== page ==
The Boston Globe – By Kevin Cullen
The rain was relentless, biblical almost, and you half-expected an ark to pull up outside Congregation Mishkan Tefila in Chestnut Hill. But there could have been an earthquake yesterday, and they still would have shown up, the people whose cars spilled out of the parking lot, all along Hammond Pond Parkway, the people who came to say goodbye to Ray Tye.
Minutes before the memorial service began, a bag lady was outside the synagogue, and she was cursing and smoking and demanding to know what was going on. There was a cop, in his dress uniform doing his best to keep her from making a scene. If Ray Tye were alive, he would have taken the bag lady aside, given her a kind word, slipped her 20 bucks, and sent her off with a “God bless.” Inside Rabbi Jonina Pritzker was saying, “Ray was one of the tzadikim, the righteous,” and, boy, did she get that right.
Ray made his money in the liquor business. He made his soul in the empathy business. He looked at poor people and saw himself. He was especially drawn to kids. He looked at children who died before they should have and paid for their funerals. He spent whatever it took so other kids wouldn’t die of disease or war or something that adults did to them.
Ray’s granddaughter, Molly O’Brien, got up on the bima and she asked everyone to close their eyes and remember their favorite Ray Tye story. So I closed my eyes, and this is what I remembered: A few years ago, we were sitting in his office in Braintree where a portrait of Richard Cardinal Cushing dominated the wall. I asked Ray why, and he said he admired Cushing because Cushing loved the poor, because Cushing loved the disabled, because Cushing loved ordinary people. “I loved Richard like a brother,” Ray Tye said, and then he told me this story:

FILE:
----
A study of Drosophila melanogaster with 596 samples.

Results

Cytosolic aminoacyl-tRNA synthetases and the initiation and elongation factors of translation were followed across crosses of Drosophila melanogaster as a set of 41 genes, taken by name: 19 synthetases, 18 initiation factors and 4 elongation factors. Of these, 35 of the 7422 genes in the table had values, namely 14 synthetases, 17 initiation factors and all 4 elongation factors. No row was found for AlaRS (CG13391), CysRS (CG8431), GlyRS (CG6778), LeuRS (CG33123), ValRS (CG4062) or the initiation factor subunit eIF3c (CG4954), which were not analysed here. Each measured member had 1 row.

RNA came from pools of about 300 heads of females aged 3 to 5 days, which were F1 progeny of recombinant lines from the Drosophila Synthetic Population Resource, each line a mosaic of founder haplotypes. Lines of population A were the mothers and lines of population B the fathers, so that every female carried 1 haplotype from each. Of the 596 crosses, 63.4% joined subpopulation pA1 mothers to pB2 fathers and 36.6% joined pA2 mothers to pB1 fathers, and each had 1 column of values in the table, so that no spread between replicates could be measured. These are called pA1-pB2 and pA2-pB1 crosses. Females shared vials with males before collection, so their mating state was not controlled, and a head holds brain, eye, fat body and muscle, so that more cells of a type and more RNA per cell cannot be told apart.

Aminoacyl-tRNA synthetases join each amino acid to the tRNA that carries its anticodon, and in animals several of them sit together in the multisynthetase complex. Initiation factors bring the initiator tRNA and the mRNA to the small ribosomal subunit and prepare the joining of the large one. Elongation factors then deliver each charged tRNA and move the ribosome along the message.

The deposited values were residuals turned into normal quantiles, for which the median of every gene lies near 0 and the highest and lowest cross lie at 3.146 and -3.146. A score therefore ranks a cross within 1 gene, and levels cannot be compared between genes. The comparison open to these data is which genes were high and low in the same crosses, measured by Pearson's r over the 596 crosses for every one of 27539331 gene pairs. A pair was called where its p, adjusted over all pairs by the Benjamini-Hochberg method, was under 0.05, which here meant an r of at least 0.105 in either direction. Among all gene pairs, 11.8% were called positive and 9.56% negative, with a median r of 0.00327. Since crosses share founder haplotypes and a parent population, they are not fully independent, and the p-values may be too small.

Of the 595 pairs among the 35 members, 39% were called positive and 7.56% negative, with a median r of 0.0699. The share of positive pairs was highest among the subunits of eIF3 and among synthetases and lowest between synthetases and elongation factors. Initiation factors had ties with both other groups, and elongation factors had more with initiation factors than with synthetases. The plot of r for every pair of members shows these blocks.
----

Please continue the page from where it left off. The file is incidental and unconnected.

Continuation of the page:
One day, about 50 years ago, the Cardinal called him on the phone. “Raymond,” Cushing began, “I’d like you to be the head of Catholic Charities.” Ray Tye paused, a bit confused, and replied, “But, Richard, I’m Jewish.” This time it was Cushing’s turn to pause. But then the gravelly response came and Cushing boomed, “What the hell has that got to do with it?”
A half-century later, I was at home when my phone rang. It was Ray Tye. A 12-year-old Iraqi boy named Rakan had been orphaned and badly wounded when US troops mistook his family’s car for a suicide bomber’s. Ray had paid for Rakan’s care at Massachusetts General Hospital and Spaulding Rehabilitation Hospital, but Rakan wanted to go back to Iraq and Ray didn’t want him to. I had spent a lot of time with Rakan, as had my wife and kids, and I was going to write a series about Rakan’s story.
“I’d like you to adopt Rakan,” Ray said. I was floored.
“Ray,” I replied, “I can’t do that.
“Why not,” Ray asked.
“Ray,” I said, “I’m Catholic. Rakan is Muslim.”
And Ray Tye, channeling his old pal Cardinal Cushing, bellowed, “What the hell has that got to do with it?” When Ray Tye looked at people, he didn’t see what color they were or where they said their prayers; he saw what they needed.